Over the past few days, the Genius feature introduced in iTunes 8 has been getting a lot of attention from me. I have a very high bar for a digital jukebox, and when it comes to iTunes, my evaluation of features is that much more critical because of my affiliation with the Zune PC client. With this being said, I am known to give everything a fair chance; read this with a grain of salt if you must.
On the whole, Genius is a great addition to iTunes. The idea of automatically generating "mashed up" playlists isn't a new one. I was first introduced to the idea via Predexis Music Match in Winamp a few years ago; right off the bat, I thought the idea of building playlists of similar songs from my library was way cool. Pandora was the natural evolution of the playlist mashup idea, and in my opinion, Pandora has revolutionized the way people listen to music. My only gripes with Pandora were that I had very little say in how Pandora picked the songs for me, and songs would repeat way too often. My patronage of these top-notch services meant that Genius had to exceed a high quality bar to win my approval.
Genius is pretty unobtrusive and simple to use - the EULA for Genius is short and clearly states that it transmits information to iTunes so that it can build playlists of similar music for you. All of this dialing back home purportedly stops when you disable Genius, so at the outset, this isn't a privacy nightmare. It appears to me that the Genius client within iTunes is very spartan - the iTunes server does the heavy-lifting of analyzing songs in the library and provides hints to Genius on how it can thread seemingly unrelated songs into playlists. As the iTunes server gets better at connecting songs to one another, everyone using Genius gets better recommendations, and as Genius feeds this information back to iTunes, the service gets better at making recommendations. All-in-all, this is a great feedback loop that constantly improves the system.
While this sounds good at first, the fact that the server does a lot of the processing of the library, it becomes the single point of failure in the system. If for some reason, I don't have access to the Internet, there is a good chance that Genius will not generate playlists for me. While using the feature, I also realized that some basic use-cases haven't been implemented. For instance, when I add a new song to the library, Genius doesn't incrementally update its database of recommendations for the new song added. This has two major consequences:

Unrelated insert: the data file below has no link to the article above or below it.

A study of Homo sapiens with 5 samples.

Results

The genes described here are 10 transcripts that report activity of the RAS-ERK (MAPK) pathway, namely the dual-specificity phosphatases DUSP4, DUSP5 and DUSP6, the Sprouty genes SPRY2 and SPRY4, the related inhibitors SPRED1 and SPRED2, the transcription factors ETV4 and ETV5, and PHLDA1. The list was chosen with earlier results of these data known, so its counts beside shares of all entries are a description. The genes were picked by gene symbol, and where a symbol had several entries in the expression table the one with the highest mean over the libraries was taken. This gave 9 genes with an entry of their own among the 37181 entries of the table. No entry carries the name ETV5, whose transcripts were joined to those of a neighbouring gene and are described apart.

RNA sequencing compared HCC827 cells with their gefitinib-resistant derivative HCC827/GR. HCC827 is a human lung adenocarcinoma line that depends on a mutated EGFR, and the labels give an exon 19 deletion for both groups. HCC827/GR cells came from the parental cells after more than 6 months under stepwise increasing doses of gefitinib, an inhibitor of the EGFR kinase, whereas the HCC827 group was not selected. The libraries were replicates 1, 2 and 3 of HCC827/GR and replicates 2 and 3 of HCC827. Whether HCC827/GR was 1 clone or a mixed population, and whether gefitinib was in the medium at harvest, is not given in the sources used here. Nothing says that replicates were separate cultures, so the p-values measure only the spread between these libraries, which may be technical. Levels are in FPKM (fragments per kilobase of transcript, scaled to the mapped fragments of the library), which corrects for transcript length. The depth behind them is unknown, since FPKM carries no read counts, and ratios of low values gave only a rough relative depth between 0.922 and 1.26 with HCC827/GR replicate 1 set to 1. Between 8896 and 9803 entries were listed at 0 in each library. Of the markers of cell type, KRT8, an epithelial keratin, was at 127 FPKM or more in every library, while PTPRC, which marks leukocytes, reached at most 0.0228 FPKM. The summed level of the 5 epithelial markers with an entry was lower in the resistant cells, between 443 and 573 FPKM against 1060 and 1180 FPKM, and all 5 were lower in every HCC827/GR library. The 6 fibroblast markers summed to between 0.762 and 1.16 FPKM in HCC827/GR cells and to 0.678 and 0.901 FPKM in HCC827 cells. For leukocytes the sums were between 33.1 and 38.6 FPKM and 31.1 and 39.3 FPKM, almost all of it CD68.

1. Clicking the Genius icon while playing the new song results in a message that informs me that the iTunes server needs to be contacted.
2. The new song doesn't appear in my current Genius playlist even if it is obvious that it is related to the playlist's source.
This is an easy fix for Apple to push through to users, and in general, Genius has made a good start. Here are the few things I really liked:
- The playlists it builds mostly contain related songs
- I can save a Genius playlist in my library, and can continue to refresh it (like a smart playlist). As Genius gets better at recommending songs to me, my lists can be refined. YAY!
- I can sync a genius playlist to my iPod
- Creating a new Genius playlist is EZ
Here are things I would improve moving forward:
- Adding a new song to my library should trigger a Genius update in the background
- Genius recommendations become dodgy after the 20th song in the playlist
- Genius should be extended to a more generic recommendation engine. Like Youtube recommends "Similar Videos", the iTunes store recommends "Similar Songs/Artists", and some Podcast directories now have the "Similar Podcasts" feature. The part about Podcasts is key, because they are hard to find to begin with. It's great when a friend recommends a Podcast, but getting such a recommendation from Apple too would add more meat to that suggestion.
If you've used the Zune's genius-like feature, please share your thoughts with me. Most importantly, mash your library up!!